Marriage Story15¦ Blu-ray
As religious fads go, marriage has done pretty well to be accepted into the mainstream. This is peculiar considering the current odds, with up to 50% of marriages in the US, ending in divorce.
Perhaps it’s that optimistic romanticism in those getting wed, believing that their love more than any others, can conquer all. Next thing they know, they’re signing half their belongings away and working out visiting rights for when they can next see the pet poodle.
For director Noah Baumbach’s latest, he painfully focuses on the end of one couple’s marriage, struggling with the disintegration of their relationship, whilst still attempting to stay a family.
If ever there was a hip, New York couple it would be Nicole (Scarlett Johansson) and Charlie (Adam Driver). Nicole is an actress who turned down the opportunity to become a big screen star in her home of LA, in favour of hooking up with theatre director Charlie.
They’ve spent a number of years now working together on stage productions, as well as raising their eight-year-old son Henry (Azhy Robertson). But for Nicole, it feels like the relationship has run its course, especially after learning that Charlie has had an affair.
But because they are chilled and respectful of one another, they agree that they should divorce with as little fuss as possible, keeping it low key and just between the two of them. And then Nicole gets a part in a pilot for a TV show, and flies out to LA, where she is introduced to a lawyer, Nora (Laura Dern). This changes everything.
It’s not long before they are both embroiled in messy legalities, as the highly expensive law teams attempt to divide all their worldly possessions, with each side trying to grab as much as possible for their client.
Now with the lawyers in the picture, the amicable atmosphere that both seemingly agreed appeared is very much a thing of the past.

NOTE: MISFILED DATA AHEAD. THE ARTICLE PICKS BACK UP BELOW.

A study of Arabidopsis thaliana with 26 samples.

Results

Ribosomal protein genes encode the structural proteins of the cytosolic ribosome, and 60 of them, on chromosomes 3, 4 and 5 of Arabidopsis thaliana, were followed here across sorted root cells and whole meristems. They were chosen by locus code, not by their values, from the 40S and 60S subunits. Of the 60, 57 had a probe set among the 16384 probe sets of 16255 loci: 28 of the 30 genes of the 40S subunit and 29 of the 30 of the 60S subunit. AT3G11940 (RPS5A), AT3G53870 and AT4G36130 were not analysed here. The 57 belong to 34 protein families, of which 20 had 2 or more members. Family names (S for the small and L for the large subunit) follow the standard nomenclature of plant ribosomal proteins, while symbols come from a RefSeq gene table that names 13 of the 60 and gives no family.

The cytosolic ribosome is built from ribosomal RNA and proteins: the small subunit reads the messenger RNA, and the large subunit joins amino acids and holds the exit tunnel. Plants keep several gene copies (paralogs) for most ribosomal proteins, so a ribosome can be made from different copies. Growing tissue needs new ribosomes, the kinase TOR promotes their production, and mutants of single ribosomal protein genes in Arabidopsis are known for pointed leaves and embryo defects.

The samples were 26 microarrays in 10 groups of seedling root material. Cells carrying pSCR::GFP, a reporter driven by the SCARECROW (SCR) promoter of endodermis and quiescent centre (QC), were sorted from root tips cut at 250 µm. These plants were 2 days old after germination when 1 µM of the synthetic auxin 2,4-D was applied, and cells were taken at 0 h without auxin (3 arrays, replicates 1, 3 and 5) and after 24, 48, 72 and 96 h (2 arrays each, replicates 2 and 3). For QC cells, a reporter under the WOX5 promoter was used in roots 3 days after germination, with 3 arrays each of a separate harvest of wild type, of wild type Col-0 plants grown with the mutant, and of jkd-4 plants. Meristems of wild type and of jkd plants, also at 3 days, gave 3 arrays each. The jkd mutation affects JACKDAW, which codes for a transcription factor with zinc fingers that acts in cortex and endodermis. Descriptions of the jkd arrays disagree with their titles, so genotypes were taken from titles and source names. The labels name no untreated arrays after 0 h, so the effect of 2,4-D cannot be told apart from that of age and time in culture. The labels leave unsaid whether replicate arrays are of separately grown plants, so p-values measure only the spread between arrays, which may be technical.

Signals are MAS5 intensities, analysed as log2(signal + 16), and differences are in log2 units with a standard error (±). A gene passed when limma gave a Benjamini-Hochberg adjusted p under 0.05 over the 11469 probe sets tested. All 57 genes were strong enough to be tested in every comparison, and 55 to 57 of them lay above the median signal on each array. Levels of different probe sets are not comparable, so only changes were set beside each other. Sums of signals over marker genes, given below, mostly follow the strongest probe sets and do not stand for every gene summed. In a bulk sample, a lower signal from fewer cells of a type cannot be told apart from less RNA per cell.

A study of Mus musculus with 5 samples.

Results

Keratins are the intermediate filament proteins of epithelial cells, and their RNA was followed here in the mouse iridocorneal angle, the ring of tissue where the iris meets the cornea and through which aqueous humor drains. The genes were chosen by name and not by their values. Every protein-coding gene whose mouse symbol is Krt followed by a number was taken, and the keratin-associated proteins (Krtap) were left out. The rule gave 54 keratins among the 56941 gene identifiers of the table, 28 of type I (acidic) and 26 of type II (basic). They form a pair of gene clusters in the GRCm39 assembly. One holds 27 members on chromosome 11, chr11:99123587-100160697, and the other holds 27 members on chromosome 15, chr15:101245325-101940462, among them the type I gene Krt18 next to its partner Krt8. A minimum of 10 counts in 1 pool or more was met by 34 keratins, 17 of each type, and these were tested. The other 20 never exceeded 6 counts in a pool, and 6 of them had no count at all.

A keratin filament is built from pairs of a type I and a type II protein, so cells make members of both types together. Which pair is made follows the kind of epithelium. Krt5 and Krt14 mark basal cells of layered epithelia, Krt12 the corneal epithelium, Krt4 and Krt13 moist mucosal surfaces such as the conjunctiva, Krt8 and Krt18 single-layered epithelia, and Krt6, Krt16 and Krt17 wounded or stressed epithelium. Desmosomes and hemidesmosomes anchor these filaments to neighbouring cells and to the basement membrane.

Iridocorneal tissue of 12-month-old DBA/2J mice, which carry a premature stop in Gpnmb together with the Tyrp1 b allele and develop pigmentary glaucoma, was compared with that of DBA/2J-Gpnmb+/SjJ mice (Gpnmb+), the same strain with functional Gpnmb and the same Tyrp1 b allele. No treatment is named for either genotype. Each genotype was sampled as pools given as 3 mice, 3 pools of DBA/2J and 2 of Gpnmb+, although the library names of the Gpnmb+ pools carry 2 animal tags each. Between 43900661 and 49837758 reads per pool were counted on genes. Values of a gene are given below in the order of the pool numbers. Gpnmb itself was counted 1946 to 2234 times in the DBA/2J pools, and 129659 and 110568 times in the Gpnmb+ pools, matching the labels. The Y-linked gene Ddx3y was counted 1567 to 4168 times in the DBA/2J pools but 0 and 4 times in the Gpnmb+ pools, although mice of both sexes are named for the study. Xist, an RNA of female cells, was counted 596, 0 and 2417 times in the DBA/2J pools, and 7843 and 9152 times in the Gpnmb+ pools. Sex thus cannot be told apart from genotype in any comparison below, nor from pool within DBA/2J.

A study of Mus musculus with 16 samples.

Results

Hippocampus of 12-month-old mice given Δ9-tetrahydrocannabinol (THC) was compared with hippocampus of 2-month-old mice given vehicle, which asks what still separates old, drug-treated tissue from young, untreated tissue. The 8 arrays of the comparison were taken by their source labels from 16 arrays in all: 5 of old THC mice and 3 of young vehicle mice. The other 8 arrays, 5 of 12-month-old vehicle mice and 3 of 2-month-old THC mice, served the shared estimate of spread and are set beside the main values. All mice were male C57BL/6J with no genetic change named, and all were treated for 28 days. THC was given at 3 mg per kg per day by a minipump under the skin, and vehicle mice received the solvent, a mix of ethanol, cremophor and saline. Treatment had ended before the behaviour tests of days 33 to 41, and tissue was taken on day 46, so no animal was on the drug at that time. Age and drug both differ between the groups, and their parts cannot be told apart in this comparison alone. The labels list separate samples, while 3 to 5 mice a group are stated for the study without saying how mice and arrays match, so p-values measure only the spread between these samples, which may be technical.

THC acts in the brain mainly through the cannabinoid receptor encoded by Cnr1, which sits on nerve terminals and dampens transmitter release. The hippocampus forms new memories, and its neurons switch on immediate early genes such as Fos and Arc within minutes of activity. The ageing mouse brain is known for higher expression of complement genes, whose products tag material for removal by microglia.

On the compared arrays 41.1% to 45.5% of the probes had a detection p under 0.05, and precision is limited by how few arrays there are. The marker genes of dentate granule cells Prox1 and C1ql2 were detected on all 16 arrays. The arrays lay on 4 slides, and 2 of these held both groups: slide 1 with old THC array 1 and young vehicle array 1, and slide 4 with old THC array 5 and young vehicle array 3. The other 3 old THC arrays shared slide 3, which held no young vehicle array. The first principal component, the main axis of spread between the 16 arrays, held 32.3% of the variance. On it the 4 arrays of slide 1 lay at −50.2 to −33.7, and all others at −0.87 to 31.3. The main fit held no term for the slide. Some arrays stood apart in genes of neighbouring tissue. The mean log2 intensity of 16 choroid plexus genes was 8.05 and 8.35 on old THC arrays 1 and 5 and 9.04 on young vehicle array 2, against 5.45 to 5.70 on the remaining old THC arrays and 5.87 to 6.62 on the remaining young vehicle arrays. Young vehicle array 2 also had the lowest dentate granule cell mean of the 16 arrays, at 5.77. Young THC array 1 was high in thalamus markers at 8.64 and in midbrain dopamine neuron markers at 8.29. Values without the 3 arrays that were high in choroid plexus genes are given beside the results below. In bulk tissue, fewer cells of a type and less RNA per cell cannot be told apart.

It’s fair to say that up until this point New Yorker Baumbach’s career has been very much about being a darling of the indie circuit. Certainly with the media weight that Netflix has given him with this release however, the director has achieved unprecedented levels of exposure. You may be able to take Baumbach from the indie, but you can’t take the indie out of Baumbach.
Marriage Story is a bloated, exhausting watch, that attempts an impossible feat – to make an audience care about a white, middle class couple breaking up. The truth is, Baumbach doesn’t even come close to achieving that. The script, which he also wrote, endeavours to convey that despite their cool media jobs, and living in a hip part of NYC, Nicole and Charlie’s emotional trauma from separation is as valid as anyone else’s. It’s not. And to rub salt into the wound, Baumbach inflicts this drawn out, tedious process for nearly two hours and twenty minutes. Two his credit, it feels far longer. So much that it feels as if you could meet someone special, hook-up, hang-out, move in together, meet each other’s folks, have a wild week in Ibiza, and then realise that you’re really not into each other, and the film still not have hit the final reel.
Imagine a Woody Allen film, almost twice as long, and have all the joy and charm thoroughly drained out of it, leaving a damp, cold husk – that would be Marriage Story.
There a few brief moments of signs of life – one scene shared by both Johansson and Driver in a hotel room, and the other where Driver is fortunate enough to enjoy an embrace from legend Alan Alda – where there is a palpable show of emotion, but they are all too fleeting.
The film also feels somewhat skewered towards the male protagonist’s point of view, which offers Driver some of the best scenes to steal from Johansson, whose performance is no more than perfunctory. And even though it’s made clear that the couple have reached this stage in no small part to Charlie cheating, it’s Nicole who comes across as the money-grabber with one eye on resurrecting her Hollywood career.
Despite the challenge of portraying a white, middle class couple in a favourable light, Baumbach does himself no favours in writing a script as dry as a box of Ritz crackers. It also displays the same amount of emotional depth as Melania Trump.
It may appeal to a certain audience, made up primarily of white, middle-classed couples who can empathise with the emotional upheaval moving from New York to LA can have during a break-up, but to everyone else Marriage Story is the cinematic definition of white privilege on every level.